No One Cares What You’re Doing
Knowing when to take advice (and when to give it) is a tricky thing. It becomes easier to navigate as we grow up, experience new things, and find our feet. It is funny in the sense that we don’t always realise we’ve been given good advice immediately.
Sure, every once in a while, someone gives you a piece of advice that really resonates with you. Words that give you goosebumps and make the hairs on the back of your neck stand because it feels like the revelation you’ve been waiting for. However, sometimes the realisation is less immediate, and with less dramatic effect. You may be thinking back to a conversation you had with someone, and suddenly realise that they’d imparted incredible wisdom on you that you had missed at the time.
A few months ago, whilst talking to a friend about something that was bothering me, she said, “Can I tell you something? No one is watching you. No one cares what you’re doing. Everyone is too busy worrying about themselves.” At the time, I realised she was right. But later, when I more carefully considered her words, a huge realisation dawned on me. I had spent (and was still spending) so much time worrying about what people thought of me. How I was perceived by the world, what people would think if I did or didn’t do certain things, how people would respond to my triumphs and failures. So much of my decision-making and thought processes were clouded by this overwhelming fear of not being good enough and not wanting to let other people down.
But if one has the right attitude, the times we don’t succeed can be used as springboards for bigger successes in the future.
Sometimes, “perfectionism” is a great way to mask a deep-rooted fear of failure. I had spent hours thinking of all the possible ways I could be humiliated or rejected by other people. If there was a way for something to go wrong, chances are I’d already thought of it, and put myself through the trauma of what it would be like to experience it. Great hobby, right?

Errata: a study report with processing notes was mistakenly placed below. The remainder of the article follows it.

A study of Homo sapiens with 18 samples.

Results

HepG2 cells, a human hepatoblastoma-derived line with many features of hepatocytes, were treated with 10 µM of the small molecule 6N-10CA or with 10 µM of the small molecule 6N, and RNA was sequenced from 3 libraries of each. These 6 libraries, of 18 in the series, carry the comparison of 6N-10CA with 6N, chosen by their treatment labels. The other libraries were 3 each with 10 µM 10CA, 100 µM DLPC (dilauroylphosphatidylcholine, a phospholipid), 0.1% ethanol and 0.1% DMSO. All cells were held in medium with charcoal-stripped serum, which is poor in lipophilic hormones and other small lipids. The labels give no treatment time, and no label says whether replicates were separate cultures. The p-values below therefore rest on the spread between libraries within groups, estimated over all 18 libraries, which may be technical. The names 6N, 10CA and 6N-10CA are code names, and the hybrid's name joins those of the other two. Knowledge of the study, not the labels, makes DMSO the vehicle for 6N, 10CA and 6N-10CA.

After a while, I started to realise that people aren’t all that concerned with what I’m doing. It’s not to say that people don’t care about me, or that if I make mistakes, no one will notice. But what I did realise is that 99% of the time, the scenarios I create in my head never actually happen. And the 1% of the time when they do, they aren’t half as bad as I imagined them to be. No one enjoys failure. It’s not fun. But if one has the right attitude, the times we don’t succeed can be used as springboards for bigger successes in the future.
I’m not saying that I am completely over every insecurity I have. But I am learning to stop giving other people so much power over my thoughts, choices, and the way I feel about myself. I’m learning that everyone has things they worry about too. Everyone wants people to like them. If you put yourself out there, meet new people and try new things, you’re bound to find something you’re not good at or someone you doesn’t particularly like you. That’s normal. That’s how life goes. Something I’ve found helpful is to shift my focus. Instead of berating over the things I can’t do or the people who don’t like me, I try to shift my focus to the things I am good at and the people who love me and invest my energy there instead. You’ll be amazed at how freeing this is.
Nabeela Parkar is one of our monthly Comeback writers. She has a keen interest in writing and would be more than happy to read her way through an entire library. She enjoys being challenged and facing tasks that require her to think for a little longer. She is fascinated by maths and science and also have a deep appreciation for the ocean, mountains and the natural world at large. She is currently in her last year of school and is on the path of deciding what to do with her life as of next year. She’s an avid believer that whilst everything happens for a reason, taking action towards achieving your goals and dreams is key.